Henry Smart is the main character and the narrator who tells the story. If we want to understand the character of Henry, we have to focus on his motivation. First of all Henry is driven by his desires to be acknowledged and loved. These desires, which are based on negligence during his childhood, are the root cause for his susceptibility to the seductions of being a hero. Jack Dalton uses this against him to lure him back to the IRA (cf. p. 175).
In this connection, the title “A Star Called Henry” directly refers to these desires; Henry wants to be a star just like his dead siblings. He wants to live up to them, especially to his older brother, who is also called Henry. From his point of view, his mother gave all her love to the dead children and not to those who were alive, thus Henry hates his dead siblings. This aspect accompanies the reader throughout the story. Whenever Henry is watching the stars he says “My name is Henry Smart! The one and only Henry Smart!” (p. 43 l.30). Furthermore, Henry is not religious because he feels betrayed by God. This aspect becomes obvious when Henry states “And religion. I already hated It. [...] That was one good thing that came out of all the neglect: we’d no religion. (p.87 ll.17-21)”
Due to Henry’s interpretation of his mother’s stories about his dead brothers and sisters, he has become very similar to his mother. That is, he has a special relationship with the stars. He treats them almost as if they were human beings, and from his point of view they most certainly are: These stars are his siblings and one particular star is his enemy, the other Henry. This is the difference between his mother and him; she loves all these stars because they are her lost little babies. Henry on the other hand just wants to get rid of them because they received the love of his mother that he never had.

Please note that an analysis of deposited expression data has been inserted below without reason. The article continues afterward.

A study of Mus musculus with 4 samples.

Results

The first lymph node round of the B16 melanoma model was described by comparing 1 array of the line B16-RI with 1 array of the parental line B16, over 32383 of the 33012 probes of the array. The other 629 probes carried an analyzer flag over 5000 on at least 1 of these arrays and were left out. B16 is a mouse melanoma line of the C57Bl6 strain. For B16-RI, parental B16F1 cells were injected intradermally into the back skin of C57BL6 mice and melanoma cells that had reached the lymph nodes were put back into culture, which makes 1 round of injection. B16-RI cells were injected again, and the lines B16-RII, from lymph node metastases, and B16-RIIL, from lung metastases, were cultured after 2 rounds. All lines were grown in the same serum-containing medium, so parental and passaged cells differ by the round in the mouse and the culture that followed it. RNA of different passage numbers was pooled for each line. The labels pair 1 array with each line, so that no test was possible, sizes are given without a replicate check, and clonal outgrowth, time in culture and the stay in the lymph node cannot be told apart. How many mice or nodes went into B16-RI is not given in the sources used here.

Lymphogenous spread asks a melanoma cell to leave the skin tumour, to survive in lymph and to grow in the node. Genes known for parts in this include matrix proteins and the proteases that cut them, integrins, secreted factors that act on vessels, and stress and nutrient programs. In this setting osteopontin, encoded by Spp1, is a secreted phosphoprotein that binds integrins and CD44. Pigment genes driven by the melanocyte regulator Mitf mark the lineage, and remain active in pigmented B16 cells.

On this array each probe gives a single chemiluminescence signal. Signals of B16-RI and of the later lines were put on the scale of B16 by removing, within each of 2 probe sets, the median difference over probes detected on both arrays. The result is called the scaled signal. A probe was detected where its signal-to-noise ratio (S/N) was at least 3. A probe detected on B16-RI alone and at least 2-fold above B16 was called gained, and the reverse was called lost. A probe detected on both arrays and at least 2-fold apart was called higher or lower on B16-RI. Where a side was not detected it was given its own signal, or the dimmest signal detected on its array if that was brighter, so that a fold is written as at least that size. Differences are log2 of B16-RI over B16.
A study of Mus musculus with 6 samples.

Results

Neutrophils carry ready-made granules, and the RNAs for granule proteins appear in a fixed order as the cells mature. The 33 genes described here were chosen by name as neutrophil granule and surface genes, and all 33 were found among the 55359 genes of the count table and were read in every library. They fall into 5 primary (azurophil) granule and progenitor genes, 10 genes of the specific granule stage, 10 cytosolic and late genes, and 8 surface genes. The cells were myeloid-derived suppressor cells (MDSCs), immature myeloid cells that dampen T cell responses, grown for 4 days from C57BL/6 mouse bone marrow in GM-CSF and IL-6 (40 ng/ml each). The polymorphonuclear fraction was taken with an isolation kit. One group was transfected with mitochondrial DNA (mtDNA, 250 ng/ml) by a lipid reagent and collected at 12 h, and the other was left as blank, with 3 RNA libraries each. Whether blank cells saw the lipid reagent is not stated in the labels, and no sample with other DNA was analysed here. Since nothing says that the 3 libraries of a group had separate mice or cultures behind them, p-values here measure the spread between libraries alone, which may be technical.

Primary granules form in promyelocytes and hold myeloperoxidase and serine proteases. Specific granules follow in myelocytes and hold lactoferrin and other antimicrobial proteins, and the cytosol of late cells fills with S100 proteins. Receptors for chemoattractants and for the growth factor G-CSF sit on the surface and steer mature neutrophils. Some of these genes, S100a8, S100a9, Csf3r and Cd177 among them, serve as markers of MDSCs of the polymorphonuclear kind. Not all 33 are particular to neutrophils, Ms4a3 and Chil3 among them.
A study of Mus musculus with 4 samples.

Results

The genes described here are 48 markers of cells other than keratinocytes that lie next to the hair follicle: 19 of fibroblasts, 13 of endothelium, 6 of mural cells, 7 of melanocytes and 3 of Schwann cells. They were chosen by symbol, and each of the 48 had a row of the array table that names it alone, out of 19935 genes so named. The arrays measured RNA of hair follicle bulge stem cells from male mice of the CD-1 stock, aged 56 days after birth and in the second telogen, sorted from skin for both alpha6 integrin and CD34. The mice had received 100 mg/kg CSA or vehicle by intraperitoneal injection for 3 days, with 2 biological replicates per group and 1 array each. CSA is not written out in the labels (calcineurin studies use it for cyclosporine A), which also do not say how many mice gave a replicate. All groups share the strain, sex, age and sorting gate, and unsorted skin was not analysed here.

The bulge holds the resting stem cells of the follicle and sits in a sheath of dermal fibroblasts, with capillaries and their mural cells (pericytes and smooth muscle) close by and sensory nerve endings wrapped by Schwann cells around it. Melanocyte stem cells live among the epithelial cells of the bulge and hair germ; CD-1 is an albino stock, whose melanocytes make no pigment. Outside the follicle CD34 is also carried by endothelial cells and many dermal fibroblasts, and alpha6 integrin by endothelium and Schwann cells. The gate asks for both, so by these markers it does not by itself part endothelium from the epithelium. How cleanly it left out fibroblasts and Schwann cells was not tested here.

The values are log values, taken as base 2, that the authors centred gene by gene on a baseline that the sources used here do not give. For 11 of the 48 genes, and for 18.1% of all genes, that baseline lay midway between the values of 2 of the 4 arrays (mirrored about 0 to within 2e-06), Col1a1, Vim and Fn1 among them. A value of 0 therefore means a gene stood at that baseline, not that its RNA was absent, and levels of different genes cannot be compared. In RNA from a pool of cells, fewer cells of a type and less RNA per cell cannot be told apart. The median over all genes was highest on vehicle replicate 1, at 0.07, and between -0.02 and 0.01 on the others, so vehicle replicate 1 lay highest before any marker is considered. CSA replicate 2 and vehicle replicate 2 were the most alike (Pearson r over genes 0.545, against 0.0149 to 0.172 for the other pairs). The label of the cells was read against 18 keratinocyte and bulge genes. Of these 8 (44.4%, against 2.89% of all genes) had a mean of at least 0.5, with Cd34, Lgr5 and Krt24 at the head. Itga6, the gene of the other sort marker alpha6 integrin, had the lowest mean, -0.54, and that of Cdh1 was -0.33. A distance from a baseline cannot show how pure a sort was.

Henry’s actions stand in complete contrast to his inner emotional turmoil. He tries to act straight, to be tough. Henry wants to convey a picture of himself that shows a man who does not care about others, a man who “fuck[s] the nations of the world (p.122 l.28)”.
Nevertheless, he is the only one who really cares about others, who lives for the ideals of the revolution. His behaviour differs from the behaviour of the other IRA members who cash in on their newly acquired power. Thus, it can be stated that Henry Smart is in the end a kind of hero; he just isn’t given any credit for it (cf. pp. 110-111 and pp.122-123).
Henry describes himself as “the glowing baby” who has come to “tickle their misery”. Due to the fact that Henry is also the narrator, he is not very reliable when he describes himself. However, we can derive from this description his wish to be that hero, that glowing baby; a person no one will ever forget. In the end Henry, is a kind of tragic character that will never be acknowledged by others. In addition, he is exploited by those he trusted like Jack Dalton. His marriage to Miss O’Shea can be seen as a demonstration of his “mother complex”, due to his feelings of being neglected by his own mother.